A-frikkin'-men, is all I have to say, whatever the reasons:
WASHINGTON, Oct. 29 — Deborah Pryce said she was fed up with ugly politics and being separated from her 5-year-old daughter. David L. Hobson is reaching the end of his time at the top of a powerful subcommittee. Ralph Regula will turn 83 in December, and he said he wanted to pass on his political wisdom to students and drive the flashy Thunderbird he had just bought.Yeeeeeeeeeeah! But it's not about being in the minority, no sir...
None of these senior Republicans from Ohio, all of whom have announced plans not to seek another term in the House next year, cite their reduced status in the minority as a major factor in deciding to join the exodus of their party members from Congress. Nor do they mention the bleak prospect that running for re-election could mean spending millions of dollars and toughing out a difficult campaign, only to lose anyway.
Yet those factors are there, just beneath the surface, and make it easier to give up a job that they acknowledge is exceedingly hard to quit despite the travel, constituent complaints, constant demands of fund-raising and the all-but-permanent campaign to remain in office.
“Obviously, I would rather be in the majority,” said Mr. Regula, who has spent almost 50 years in public service, considering his state and federal offices. “But it is just time.”
14 House Republicans have announced their retirement, including most recently Presidential candidate Tom "I'm not nuts, I'm right! I really am!" Tancredo.
Among the Republican Senators retiring are Wayne Allard (CO), Larry Craig (ID), Chuck Hagel (NE), Pete Domenici (NM), and John Warner (VA). Democrats stand excellent chances in three of those races, and I wouldn't count out Larry Craig's seat changing hands, either, since people in his state may be completely frustrated with the lack of moral fibre in the Republican party and will punish them the only way they can.
Ted Stevens (AK) hasn't announced that he'll retire, but he will be under enormous pressure to as the FBI ramps up an investigation that involves him.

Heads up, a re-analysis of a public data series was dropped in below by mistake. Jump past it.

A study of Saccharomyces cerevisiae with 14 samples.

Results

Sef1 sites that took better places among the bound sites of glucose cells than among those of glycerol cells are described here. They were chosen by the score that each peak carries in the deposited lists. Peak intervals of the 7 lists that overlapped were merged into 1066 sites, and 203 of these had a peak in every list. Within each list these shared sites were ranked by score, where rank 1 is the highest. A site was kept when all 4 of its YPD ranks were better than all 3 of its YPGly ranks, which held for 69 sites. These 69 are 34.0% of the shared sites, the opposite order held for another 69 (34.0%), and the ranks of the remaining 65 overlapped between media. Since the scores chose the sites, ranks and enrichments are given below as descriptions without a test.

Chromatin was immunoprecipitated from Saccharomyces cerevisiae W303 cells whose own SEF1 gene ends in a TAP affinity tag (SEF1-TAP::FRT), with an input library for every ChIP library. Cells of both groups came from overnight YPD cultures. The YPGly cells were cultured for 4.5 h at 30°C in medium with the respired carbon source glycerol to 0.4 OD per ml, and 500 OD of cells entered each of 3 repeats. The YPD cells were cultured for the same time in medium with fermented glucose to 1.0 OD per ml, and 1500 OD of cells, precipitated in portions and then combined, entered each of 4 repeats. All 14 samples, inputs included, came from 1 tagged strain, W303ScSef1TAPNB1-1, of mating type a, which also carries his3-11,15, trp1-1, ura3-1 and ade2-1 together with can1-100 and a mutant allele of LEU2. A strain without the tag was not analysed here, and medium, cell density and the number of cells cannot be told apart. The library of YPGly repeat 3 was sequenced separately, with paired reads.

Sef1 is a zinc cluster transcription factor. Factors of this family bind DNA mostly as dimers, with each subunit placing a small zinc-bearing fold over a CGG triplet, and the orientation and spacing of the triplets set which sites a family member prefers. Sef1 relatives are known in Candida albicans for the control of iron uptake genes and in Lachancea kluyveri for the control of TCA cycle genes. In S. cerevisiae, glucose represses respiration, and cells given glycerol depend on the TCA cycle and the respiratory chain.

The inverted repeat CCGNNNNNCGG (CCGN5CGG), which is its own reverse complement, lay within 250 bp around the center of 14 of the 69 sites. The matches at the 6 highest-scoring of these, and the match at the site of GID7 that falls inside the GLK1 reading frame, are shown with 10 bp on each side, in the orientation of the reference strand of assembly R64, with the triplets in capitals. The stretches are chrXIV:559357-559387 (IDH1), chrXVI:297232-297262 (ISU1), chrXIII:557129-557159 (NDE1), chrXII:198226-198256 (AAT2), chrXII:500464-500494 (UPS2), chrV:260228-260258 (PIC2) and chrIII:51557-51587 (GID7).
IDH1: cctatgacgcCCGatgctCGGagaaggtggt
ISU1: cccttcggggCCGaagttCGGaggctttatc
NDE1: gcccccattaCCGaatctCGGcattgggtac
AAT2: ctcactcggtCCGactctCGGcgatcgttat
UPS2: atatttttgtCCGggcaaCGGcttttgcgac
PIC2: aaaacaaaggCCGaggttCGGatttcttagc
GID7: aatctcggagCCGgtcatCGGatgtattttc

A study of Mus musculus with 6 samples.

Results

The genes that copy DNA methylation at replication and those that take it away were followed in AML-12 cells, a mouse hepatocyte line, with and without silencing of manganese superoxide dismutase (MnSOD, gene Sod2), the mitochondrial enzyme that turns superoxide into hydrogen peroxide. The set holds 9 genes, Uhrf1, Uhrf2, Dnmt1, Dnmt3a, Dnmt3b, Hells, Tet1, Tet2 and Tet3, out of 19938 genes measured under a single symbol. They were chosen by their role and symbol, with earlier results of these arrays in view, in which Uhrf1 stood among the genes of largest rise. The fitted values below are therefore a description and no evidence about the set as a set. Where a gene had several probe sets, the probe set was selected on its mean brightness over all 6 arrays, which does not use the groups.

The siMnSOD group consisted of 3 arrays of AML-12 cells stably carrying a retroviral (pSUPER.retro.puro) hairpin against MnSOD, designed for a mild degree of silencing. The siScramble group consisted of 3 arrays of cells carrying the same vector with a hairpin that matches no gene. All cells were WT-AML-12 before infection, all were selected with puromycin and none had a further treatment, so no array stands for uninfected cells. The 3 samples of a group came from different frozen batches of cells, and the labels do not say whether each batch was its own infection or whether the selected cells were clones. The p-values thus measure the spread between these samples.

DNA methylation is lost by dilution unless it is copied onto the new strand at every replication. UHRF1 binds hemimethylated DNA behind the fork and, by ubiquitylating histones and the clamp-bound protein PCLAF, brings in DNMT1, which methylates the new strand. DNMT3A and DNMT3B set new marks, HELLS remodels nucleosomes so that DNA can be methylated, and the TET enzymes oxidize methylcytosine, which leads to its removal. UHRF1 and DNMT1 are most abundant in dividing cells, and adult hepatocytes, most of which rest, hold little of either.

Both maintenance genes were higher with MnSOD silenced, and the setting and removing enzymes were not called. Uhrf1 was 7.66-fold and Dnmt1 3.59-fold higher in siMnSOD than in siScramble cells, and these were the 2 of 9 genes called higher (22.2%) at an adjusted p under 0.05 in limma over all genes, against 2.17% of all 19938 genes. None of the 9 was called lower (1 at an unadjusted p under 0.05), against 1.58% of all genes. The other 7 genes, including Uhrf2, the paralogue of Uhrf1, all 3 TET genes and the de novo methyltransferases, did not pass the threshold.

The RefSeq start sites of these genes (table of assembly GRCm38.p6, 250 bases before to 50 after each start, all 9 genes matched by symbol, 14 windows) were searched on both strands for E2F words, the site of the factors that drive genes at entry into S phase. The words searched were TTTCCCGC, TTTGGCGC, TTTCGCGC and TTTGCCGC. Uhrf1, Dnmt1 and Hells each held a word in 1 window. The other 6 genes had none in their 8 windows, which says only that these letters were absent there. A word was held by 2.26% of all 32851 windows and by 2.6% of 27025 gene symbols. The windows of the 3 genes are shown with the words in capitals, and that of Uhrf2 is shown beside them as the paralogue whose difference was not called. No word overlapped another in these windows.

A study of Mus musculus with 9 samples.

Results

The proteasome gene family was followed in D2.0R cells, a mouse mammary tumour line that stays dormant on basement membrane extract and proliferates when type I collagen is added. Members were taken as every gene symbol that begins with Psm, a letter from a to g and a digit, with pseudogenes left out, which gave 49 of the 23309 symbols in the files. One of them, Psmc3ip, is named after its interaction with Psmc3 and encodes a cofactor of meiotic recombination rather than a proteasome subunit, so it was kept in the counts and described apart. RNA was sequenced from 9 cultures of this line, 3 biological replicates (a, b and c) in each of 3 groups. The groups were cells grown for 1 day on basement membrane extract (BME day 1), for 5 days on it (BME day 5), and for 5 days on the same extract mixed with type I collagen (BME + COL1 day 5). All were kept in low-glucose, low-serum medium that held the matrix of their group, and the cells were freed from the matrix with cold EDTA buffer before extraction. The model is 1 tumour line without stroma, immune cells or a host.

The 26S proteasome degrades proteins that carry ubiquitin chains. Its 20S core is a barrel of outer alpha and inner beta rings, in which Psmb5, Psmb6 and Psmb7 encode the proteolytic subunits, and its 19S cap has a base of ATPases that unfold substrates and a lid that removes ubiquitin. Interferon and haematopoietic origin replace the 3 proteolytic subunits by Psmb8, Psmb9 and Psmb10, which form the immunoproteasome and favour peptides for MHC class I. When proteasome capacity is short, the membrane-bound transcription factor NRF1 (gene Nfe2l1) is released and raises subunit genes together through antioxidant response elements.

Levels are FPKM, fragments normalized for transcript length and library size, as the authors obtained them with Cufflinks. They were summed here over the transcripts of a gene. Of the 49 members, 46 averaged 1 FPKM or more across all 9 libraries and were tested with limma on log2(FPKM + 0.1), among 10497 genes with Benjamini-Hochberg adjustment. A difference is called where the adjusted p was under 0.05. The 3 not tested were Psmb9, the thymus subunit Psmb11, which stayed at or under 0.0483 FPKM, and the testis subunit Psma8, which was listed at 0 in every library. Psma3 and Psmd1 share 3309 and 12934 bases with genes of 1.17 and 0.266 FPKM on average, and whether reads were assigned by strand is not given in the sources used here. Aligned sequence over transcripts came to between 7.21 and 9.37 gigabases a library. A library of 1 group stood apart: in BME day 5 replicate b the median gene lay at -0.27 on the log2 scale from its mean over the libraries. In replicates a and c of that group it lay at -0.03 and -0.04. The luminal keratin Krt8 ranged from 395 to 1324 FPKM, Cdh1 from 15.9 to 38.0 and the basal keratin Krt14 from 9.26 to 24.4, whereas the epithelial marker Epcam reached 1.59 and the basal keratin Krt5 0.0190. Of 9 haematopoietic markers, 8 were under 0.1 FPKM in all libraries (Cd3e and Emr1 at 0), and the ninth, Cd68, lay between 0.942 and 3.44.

Three Democratic Senators have announced their retirement as well, according to The Times' article, and the Cook Political Report mentions an additional 13 possible Republican retirements, including Senators Inhofe (OK), Cochran (MS), and Congresscritter Shays (CT).
The curious bit about all this was how the Republicans mentioned here were all tired of the "ugly politics," as if they were innocent bystanders.
In point of fact, if you are one of 200+ people who are committed to a platform that includes division and rancor, you have to look to yourself first and foremost as the main cause of the problem. For Pryce in particular to whinge about ugly politics is ironic, since she's prominently featured in one of Ohio's worst politic scandals, the Bob Ney controversy.
Of course, when a party features such facilitators (*snark*) as Tom DeLay, Karl Rove, and Newt Gingrich, all of whom have carefully crafted a political atmosphere poisoned with hatred and oppression, it shouldn't surprise us to find out that even Republicans got their fair share of venom and spite hurled at them.
The sense you get in 2007, a year out, is that Republicans have realized they'd better fold up tents and regroup now, that Karl Rove's dream of a Republican hegemony to run concurrent to the American empire in the Middle East, was flawed and lethal to the party's chances. A new strategy is needed.
I'm only sad at the damage the country has had to suffer while these cowboys and yahoos have had to work out their anger management issues in public.